A local car dealer's case against the federal Affordable Care Act could be decided by any number of cases potentially headed for the nation's highest court.
In a lawsuit filed in late June, car dealer Joe Holland claims the federal health care overhaul's provision requiring contraceptive coverage violates his right to religious freedom.
Holland, who says he does not oppose all types of contraception, says he opposes "abortifacient drugs" or those commonly referred to as morning-after pills.
Under the law, employers with more than 50 full-time employees are required to provide a certain level of health insurance coverage, including U.S. Food and Drug Administration-approved contraceptive methods. Holland Chevrolet has about 150 full-time employees.
The case took an unexpected turn in July, when Holland's attorneys filed an amended complaint after learning the plan he currently provides already covers those kinds of drugs. The new complaint dropped the motion for temporary restraining order and preliminary injunction.
Certain companies are exempt from the provision, however, such as employers with 50 or fewer full-time employees, nonprofit religious employers and other "grandfathered" plans.
Holland's lawsuit says if his company violates this requirement, he could face a penalty of $100 per day per employee.
In August, the government filed a motion to dismiss the case, arguing the lawsuit failed to state a claim upon which relief can be granted.
The memorandum said the challenge relies on the argument that for-profit secular corporations can exercise religion, saying if the court were to rule in favor of this, it would "permit for-profit, secular companies and their owners to become laws unto themselves."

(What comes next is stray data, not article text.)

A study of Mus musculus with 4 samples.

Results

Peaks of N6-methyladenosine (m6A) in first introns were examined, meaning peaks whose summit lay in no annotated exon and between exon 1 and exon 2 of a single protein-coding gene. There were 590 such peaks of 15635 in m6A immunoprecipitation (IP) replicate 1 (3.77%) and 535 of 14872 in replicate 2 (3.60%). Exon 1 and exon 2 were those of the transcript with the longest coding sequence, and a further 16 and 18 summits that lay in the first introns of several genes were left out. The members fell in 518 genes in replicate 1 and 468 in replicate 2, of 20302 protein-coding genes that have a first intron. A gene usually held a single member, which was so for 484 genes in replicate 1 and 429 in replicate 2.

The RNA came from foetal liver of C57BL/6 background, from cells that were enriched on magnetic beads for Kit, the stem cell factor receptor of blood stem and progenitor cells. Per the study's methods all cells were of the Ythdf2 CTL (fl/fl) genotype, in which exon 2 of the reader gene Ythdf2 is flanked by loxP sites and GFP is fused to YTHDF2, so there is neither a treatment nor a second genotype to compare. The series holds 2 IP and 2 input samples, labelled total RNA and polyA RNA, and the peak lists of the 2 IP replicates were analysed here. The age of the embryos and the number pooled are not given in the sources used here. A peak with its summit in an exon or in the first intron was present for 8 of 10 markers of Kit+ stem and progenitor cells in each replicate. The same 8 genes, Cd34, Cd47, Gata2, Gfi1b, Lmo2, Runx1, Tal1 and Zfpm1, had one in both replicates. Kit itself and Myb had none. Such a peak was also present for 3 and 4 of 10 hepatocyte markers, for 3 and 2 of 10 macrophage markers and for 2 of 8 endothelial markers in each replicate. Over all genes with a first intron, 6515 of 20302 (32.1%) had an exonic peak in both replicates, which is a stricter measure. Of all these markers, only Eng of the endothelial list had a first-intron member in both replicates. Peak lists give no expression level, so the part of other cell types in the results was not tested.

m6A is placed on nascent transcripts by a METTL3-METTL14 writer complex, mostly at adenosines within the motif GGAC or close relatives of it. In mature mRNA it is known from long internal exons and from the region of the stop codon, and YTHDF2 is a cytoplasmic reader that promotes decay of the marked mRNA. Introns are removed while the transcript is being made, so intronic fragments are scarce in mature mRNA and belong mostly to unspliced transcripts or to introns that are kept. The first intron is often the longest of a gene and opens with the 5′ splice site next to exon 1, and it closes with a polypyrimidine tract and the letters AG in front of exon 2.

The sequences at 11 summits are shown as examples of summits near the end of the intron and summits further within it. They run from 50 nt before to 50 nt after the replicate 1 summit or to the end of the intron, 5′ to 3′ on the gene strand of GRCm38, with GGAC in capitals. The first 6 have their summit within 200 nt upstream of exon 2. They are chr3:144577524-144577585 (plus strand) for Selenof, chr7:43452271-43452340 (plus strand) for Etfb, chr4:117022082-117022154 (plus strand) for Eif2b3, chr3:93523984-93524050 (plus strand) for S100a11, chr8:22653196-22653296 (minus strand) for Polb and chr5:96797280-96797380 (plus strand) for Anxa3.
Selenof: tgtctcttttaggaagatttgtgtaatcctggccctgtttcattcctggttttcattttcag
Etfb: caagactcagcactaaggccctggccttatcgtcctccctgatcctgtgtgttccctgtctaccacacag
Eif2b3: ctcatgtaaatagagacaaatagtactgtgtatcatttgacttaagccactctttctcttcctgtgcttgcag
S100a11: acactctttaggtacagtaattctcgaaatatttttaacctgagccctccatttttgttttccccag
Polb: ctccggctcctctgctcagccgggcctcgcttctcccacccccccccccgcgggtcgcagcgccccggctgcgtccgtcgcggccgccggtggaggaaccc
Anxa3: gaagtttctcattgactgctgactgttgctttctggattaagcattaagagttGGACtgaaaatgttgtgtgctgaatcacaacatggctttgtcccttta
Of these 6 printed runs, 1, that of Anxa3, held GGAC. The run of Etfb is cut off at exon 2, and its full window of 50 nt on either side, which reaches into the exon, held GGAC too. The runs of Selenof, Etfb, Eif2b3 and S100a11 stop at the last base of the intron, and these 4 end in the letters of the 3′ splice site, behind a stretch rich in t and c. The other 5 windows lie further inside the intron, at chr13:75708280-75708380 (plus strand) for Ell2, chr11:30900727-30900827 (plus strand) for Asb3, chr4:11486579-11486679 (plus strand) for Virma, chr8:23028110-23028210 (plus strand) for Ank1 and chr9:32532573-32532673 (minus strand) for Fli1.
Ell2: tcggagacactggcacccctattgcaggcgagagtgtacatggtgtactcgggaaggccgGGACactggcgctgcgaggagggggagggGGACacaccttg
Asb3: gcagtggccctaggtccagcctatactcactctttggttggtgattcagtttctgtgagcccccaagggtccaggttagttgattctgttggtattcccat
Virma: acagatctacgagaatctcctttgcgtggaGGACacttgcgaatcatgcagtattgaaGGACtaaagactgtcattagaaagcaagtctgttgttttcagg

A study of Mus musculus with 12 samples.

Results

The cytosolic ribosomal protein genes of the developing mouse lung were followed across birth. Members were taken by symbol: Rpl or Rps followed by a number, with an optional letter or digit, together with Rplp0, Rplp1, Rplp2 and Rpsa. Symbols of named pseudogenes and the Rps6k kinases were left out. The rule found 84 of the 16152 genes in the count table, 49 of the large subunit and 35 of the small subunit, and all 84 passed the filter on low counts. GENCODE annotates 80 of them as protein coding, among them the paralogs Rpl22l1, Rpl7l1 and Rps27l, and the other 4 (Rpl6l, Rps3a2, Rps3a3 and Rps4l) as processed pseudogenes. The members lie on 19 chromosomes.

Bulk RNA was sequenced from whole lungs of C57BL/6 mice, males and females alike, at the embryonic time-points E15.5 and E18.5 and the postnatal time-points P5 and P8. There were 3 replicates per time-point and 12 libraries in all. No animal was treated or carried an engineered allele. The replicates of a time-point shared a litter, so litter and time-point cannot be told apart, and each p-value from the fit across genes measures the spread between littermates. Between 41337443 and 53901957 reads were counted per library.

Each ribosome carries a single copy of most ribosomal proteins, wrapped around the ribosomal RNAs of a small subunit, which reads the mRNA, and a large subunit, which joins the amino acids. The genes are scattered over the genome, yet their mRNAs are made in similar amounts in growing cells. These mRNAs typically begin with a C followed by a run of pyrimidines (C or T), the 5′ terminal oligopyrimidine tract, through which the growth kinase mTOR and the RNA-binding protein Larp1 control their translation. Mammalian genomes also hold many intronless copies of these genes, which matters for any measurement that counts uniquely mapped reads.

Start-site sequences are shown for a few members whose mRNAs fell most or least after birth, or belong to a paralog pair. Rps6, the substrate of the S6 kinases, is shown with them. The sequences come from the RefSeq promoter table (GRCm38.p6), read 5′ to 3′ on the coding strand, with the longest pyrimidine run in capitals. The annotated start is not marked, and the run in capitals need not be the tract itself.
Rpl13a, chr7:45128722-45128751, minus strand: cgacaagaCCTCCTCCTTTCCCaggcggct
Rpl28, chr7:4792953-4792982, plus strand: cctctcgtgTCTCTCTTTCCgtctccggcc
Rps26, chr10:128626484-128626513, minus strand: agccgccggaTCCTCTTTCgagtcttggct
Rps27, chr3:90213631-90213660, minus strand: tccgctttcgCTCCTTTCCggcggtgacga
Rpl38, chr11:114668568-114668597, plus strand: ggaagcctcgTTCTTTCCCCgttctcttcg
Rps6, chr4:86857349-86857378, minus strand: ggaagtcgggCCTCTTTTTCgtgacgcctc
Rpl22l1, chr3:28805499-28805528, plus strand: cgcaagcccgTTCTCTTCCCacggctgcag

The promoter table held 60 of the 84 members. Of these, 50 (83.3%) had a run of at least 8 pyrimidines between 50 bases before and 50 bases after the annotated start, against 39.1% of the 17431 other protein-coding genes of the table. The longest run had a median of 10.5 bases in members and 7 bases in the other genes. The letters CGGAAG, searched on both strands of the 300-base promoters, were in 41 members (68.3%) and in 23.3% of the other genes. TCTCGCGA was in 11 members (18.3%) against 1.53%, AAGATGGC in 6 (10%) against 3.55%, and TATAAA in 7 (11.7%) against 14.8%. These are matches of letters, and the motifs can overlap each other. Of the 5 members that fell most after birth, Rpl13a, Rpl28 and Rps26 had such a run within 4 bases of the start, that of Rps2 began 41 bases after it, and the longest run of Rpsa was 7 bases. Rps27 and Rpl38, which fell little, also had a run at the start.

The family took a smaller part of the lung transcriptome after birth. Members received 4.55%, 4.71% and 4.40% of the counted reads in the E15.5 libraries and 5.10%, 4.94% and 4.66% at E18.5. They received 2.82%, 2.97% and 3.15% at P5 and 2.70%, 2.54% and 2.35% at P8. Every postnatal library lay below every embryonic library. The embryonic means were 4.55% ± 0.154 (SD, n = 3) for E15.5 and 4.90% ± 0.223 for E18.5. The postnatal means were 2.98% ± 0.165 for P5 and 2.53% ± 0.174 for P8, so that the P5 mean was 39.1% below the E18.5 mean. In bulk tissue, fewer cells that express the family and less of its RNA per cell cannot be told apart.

The government entities argued no court has held that these corporations are religious corporations under federal law.
"Because there are an infinite variety of alleged religious beliefs, such companies and their owners could claim countless exemptions from an untold number of general commercial laws designed to protect against unfair discrimination in the workplace and to protect the health and well-being of individual employees and their families," the memorandum states.
The most recently docketed filing, an Oct. 11 notice of supplemental authority, says there is new case law developing in this issue.
Noting the government's pending motion to dismiss, the notice says in the case of Newland v. Sebelius, the U.S. Court of Appeals for the 10th Circuit ruled that for-profit corporations are classified as people for purposes of the Religious Freedom Restoration Act. Under this ruling, the document continues, providing contraceptive drugs would burden the corporation's religious exercise.
Jeremiah Dys, president of the Family Policy Counsel and one of Holland's attorneys, said the Holland case could be appealed to the 4th Circuit if it is dismissed.
This wouldn't be the first time a case challenging this provision went before the 4th Circuit. Previously, the 4th Circuit took up the case of Liberty University v. Lew.